RICHARD ORD: So it turns out that romance IS dead


You won’t find that route in too many heart surgery textbooks.

You may, however, find it in the Serial Killer’s Guide to Evisceration, a must-read for most married couples.

The way to a woman’s heart is more complicated, mainly because it keeps changing.

Women like to keep men on their toes. And not just by holding a knife under their chin.

On Valentine’s Day, flowers and chocolates would do the trick in the early years of courtship, but after more than a dozen years of marriage (probably, I forget the exact figure, maybe it’s 56) the goalposts move.

Joint bank accounts mean forking out on flowers is just spending her money on things she doesn’t need. My wife didn’t mind when it was my money being spent on her.

Buying chocolates these days is a waste of time and money. Our two sons, aged 15 and 12, can hear a chocolate box open at 300 yards. And they have reached the age of exceptional chocolate-stealing sophistication.

My wife opened a box of chocolates (a Christmas gift) only last week.

We were down to the last three chocolates on the top layer on Monday evening.

I fancied a hazelnut whirl (this is not a euphemism), and lifted the top layer to reveal … an empty second layer! The kids had eaten the lot.

They knew exactly what they were doing. As we slowly picked our way through the top layer, they had devoured the second layer without our knowing – probably within the first hour of the box being opened. I tip my hat to their ingenuity.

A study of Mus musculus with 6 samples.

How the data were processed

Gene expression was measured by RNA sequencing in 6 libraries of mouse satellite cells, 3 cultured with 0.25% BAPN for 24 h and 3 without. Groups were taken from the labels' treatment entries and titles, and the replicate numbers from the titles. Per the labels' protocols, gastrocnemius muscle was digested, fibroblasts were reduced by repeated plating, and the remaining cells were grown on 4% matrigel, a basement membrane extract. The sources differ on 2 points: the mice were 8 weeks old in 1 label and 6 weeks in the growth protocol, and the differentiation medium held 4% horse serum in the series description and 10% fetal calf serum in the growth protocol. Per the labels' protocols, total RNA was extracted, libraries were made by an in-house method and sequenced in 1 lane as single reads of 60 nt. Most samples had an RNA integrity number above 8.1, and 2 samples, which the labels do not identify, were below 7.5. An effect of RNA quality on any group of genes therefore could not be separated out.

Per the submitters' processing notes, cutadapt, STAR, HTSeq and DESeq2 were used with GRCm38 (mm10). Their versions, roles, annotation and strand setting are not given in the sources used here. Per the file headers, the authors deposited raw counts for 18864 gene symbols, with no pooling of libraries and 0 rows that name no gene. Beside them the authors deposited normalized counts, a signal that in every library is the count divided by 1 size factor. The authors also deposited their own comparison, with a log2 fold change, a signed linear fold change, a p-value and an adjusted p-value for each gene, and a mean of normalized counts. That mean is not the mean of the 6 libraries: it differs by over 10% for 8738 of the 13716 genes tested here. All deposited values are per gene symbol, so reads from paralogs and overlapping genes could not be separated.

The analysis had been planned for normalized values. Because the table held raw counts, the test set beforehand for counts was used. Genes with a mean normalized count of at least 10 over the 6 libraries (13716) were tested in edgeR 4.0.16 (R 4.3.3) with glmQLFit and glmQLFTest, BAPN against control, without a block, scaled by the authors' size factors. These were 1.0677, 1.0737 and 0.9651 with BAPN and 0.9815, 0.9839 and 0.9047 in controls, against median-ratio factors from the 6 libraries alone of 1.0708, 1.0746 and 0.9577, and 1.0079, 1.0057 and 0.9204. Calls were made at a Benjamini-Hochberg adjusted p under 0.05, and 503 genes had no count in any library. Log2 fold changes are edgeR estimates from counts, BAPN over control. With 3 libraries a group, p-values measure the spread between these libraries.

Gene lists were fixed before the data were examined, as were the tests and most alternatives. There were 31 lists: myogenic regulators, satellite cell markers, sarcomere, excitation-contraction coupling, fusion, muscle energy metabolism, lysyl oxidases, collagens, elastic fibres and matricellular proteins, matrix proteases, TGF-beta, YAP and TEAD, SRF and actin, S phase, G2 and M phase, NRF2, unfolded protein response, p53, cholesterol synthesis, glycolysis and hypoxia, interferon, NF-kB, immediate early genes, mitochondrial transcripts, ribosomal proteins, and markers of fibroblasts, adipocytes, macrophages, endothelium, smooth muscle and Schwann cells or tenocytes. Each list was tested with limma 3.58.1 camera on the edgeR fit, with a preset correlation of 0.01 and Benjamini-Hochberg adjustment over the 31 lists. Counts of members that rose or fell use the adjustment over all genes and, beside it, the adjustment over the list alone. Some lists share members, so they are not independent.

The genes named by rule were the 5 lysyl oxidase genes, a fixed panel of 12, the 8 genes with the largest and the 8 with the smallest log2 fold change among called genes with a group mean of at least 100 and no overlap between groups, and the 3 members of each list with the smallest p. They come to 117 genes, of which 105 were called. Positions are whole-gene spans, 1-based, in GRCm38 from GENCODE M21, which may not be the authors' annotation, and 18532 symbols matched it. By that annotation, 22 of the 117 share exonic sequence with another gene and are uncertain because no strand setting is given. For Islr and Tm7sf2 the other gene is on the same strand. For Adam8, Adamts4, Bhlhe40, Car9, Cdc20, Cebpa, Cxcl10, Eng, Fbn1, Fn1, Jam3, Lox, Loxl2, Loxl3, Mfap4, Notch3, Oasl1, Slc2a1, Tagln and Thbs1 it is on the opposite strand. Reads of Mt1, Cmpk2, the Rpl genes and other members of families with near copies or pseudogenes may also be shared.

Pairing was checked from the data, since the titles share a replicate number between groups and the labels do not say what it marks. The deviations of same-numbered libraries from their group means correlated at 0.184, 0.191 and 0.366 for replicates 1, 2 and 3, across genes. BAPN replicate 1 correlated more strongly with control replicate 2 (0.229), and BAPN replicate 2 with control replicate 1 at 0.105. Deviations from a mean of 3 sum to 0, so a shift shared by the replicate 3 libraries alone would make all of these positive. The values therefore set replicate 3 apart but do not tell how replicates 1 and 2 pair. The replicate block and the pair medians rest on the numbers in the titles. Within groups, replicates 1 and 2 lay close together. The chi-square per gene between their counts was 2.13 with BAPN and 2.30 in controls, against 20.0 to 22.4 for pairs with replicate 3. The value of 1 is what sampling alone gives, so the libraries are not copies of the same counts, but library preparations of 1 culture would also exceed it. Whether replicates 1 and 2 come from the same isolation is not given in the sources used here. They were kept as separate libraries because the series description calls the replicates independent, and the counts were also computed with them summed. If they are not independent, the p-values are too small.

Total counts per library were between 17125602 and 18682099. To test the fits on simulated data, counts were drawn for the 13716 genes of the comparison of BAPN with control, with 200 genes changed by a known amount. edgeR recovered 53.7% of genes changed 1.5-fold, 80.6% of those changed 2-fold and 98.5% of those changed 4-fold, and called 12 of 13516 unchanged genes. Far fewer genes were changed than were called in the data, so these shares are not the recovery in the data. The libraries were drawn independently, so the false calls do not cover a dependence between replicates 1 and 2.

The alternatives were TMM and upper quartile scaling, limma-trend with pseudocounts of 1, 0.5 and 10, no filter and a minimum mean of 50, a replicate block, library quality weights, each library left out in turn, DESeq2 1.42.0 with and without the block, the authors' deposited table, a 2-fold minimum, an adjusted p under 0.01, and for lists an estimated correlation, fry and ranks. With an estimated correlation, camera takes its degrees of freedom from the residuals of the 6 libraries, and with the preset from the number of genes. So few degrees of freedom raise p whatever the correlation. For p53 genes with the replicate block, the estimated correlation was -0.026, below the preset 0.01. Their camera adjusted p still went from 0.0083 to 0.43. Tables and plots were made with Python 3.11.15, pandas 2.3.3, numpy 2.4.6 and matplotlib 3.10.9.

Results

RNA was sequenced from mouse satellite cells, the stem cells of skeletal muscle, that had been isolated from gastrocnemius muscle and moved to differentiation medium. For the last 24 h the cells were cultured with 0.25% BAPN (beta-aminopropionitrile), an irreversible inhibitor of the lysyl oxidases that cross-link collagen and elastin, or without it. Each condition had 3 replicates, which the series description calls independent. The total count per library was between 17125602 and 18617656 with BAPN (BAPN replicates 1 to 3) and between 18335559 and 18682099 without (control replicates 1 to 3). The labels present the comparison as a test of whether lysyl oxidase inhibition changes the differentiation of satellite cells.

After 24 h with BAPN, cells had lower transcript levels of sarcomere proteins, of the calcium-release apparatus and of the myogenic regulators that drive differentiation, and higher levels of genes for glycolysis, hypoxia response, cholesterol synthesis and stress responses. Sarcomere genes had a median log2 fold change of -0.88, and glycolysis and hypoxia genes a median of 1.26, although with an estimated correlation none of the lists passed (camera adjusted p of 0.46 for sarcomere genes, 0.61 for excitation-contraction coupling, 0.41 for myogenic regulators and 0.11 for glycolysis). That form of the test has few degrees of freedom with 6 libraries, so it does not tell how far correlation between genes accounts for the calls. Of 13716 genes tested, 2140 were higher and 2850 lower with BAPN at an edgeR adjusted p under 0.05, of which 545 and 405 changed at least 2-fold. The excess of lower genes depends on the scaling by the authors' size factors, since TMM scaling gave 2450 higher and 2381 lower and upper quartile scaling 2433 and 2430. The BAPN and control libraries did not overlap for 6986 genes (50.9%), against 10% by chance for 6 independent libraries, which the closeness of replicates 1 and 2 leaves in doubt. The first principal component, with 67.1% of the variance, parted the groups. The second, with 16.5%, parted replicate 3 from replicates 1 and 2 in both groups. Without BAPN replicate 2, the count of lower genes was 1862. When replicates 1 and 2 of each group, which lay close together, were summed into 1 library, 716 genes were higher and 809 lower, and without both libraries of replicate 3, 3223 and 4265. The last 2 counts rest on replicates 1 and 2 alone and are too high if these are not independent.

Back to Valentine’s Day. Romantic weekends away are too expensive and, anyway, they would interfere with ferrying the two boys to their respective football matches (after all, they have to burn off those extra choccy calories don’t they?). Cooking a romantic meal is risk (a fire risk in my case), surprise cinema tickets are out as we have different tastes in movies (unless there’s a sci-fi serial killer rom-com chick-flick you can recommend) and ditto a night at a pop concert. An evening with Morrissey is not everyone’s idea of a romantic night out. Not even to Mrs Morrissey.

To save on cash and avoid Valentine’s Day heartache, we agreed to call it quits on buying each other gifts on February 14th. Call it a truce if you like. Love is, after all, a battlefield, with less guns but just as many bayonet wounds (or is that just us?)

Instead of a romantic meal or bouquet of flowers, I painted the bathroom walls (again, this is not a euphemism).

I don’t know if it’s a long-time married thing, but I honestly don’t think I’ve ever made my wife happier than I did by painting that room.

Forget the smell of a dozen red roses, turns out the smell of a freshly-painted bathroom is way to woman’s heart.